Digital eye strain is a growing cause for concern in today’s digitized era. It’s also called computer vision syndrome because it occurs due to excessive electronic device usage.
According to the American Optometrist Association, approximately 90 percent of people who spend more than three hours a day on an electronic device experience some form of digital eye strain. This figure also includes children.
How to Tell if You Have Digital Eye Strain
Digital eye strain is a significant problem because it impacts your overall well-being. But more importantly, digital eye strain is an issue because most people today work office jobs that require them to use electronic devices. As a result, people can’t minimize their screen time even if they want to reduce it.
You can try to maintain your eye health. But you’ll likely develop eye strain at some point in your life if you regularly use electronic devices for more than three hours each day. Research shows the average American adult spends approximately seven hours a day on their electronic devices. Therefore, it’s not surprising that most Americans experience digital eye strain. Research shows that approximately two out of three Americans report symptoms of digital eye strain.
You might have experienced digital eye strain symptoms. Here are the common symptoms of digital eye strain:
- Dry eyes
- Concentration issues
- Itchy eyes
- Sore shoulders and neck
- Blurry vision
- Light sensitivity
It’s also important to note that you have a higher risk of developing digital eye strain if you use a digital device for more than three hours per day, have your computer or digital device closer than an arm’s length from your face, or use your digital device under dim or excessively bright lighting.
The Connection Between Digital Eye Strain and Dry Eye
Dry eye is a commonly observed symptom of digital eye strain. A study found that approximately 27 percent of people with digital eye strain report dry eyes as one of their leading symptoms.
Electronic devices cause dry eyes because your average blink rate decreases when using these devices. The average person blinks about twelve times per minute. However, their blink rate decreases to only five times per minute while using electronic devices. As a result, their tears evaporate because they’re not blinking as often, resulting in dry eyes. Furthermore, people often engage in repeated back-and-forth movements when using digital devices. These generally involve reading text or observing visuals on a screen. Unfortunately, these back-and-forth movements can exacerbate digital eye strain symptoms.
How Does Blue Light Cause Digital Eye Strain
Sunlight is made of red, orange, yellow, blue, indigo, violet, and green light. These lights combined form the white light we see. It’s important to understand that each light has different energy and wavelength. For instance, red light has a long wavelength and less energy. Meanwhile, blue light is the opposite.
While the largest source of blue light is sunlight, electronic devices like computers, smartphones, laptops, and handheld gaming devices also emit significant artificial blue light.
Blue light’s short wavelength causes the focus to be located in front of the retina rather than the center of the retina. As a result, research shows that significant exposure to blue light leads to visual fatigue and nearsightedness.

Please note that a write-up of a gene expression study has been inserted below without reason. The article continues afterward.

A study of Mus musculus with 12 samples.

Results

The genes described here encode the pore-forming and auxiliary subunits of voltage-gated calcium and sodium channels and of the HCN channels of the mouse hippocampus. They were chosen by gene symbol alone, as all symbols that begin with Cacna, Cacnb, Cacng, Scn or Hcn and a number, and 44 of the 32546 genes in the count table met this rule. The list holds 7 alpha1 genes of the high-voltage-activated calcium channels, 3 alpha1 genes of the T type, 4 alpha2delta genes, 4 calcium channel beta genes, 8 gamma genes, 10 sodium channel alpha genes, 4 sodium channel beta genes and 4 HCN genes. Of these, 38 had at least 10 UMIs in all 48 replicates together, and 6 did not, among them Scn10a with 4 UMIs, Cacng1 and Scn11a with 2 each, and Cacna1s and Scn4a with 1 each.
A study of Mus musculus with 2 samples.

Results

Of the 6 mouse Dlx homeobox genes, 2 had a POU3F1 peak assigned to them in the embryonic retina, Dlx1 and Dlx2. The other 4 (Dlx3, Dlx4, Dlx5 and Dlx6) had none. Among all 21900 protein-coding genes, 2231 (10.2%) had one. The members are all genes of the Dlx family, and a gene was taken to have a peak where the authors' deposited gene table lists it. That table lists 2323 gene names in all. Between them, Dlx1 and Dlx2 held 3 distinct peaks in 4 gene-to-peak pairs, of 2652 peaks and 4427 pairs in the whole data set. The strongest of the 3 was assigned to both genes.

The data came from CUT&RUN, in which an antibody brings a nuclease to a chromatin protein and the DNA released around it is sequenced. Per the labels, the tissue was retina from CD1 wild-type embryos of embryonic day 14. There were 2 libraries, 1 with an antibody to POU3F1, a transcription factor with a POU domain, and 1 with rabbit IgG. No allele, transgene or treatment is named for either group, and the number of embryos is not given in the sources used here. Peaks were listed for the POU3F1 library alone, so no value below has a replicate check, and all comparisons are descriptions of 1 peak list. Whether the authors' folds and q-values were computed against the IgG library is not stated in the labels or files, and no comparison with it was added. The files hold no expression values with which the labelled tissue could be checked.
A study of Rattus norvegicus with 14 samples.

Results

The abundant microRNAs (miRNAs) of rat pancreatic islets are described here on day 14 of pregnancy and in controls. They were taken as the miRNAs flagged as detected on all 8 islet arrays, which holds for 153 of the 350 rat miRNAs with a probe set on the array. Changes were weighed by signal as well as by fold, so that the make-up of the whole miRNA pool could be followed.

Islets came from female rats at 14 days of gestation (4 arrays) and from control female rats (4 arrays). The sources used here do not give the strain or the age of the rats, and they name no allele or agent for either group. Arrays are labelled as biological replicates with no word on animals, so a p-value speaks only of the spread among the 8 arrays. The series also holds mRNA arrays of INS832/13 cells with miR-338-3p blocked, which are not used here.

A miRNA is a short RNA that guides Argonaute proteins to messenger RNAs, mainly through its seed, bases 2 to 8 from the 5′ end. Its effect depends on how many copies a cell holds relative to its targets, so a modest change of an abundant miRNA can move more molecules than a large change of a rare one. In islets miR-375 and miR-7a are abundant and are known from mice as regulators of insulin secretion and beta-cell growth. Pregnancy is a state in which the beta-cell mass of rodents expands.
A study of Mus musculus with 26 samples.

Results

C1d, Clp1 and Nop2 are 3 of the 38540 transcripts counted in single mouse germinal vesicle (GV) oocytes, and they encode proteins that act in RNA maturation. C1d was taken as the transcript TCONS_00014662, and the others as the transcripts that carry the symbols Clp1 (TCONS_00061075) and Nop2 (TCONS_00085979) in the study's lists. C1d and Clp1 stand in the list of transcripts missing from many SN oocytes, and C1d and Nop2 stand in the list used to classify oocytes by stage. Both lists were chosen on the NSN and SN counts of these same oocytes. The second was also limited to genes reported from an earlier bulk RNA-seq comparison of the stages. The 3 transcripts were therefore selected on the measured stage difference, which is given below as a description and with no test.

In addition to affecting your eyesight, blue light is also harmful because it blocks melatonin production in your body. Melatonin is a naturally occurring hormone that regulates your body’s circadian rhythm, alerting it when there’s sunlight and telling it to sleep when it’s dark. As a result, excessive exposure to blue light can also affect your sleep cycle.
How to Prevent and Manage Digital Eye Strain
Managing and preventing digital eye strain is easier said than done. Ideally, you’ll want to limit your screen time to prevent digital eye strain. But that’s not possible for everyone. Alternatively, you can focus on limiting blue light exposure. Numerous medical-grade blue light blockers exist on the market. People often invest in anti-blue light glasses. If you’re looking for anti-blue light glasses for men and women, consider checking out MyBlueProtector’s offerings. We have the best and highest quality blue light filters. In addition, our products are also FDA and MHRA-approved. We also have blue light screen protectors for computer screens, laptops, iPhones, iMacs, MacBooks, Samsung devices, etc.
In addition to using blue light screen protectors, consider the following tips to prevent and manage digital eye strain:
Take Regular Breaks
Another habit that will prevent digital eye strain is regularly scheduling breaks. Consider following the 20-20-20 rule. This rule states that you should take a twenty-second break by looking at something twenty feet away after using an electronic device for twenty minutes.
Improve Desk Ergonomics
Desk ergonomics also matter. The wrong computer or laptop placement can place more stress on your eyes. Ensure your computer or laptop is at least an arm’s length away from your face. In addition, position your monitor at or slightly below your eye line. It’ll reduce glare.
Adjust Screen Brightness and Settings
The right screen brightness and settings can lower the impact of blue light on your eyes. Most people generally use their electronic devices in extremely bright or dim lights. Hence, you must ensure your screen’s brightness matches the surrounding. Therefore, it shouldn’t be overlit. However, it also shouldn’t be too dim because it makes it difficult to read on-screen text.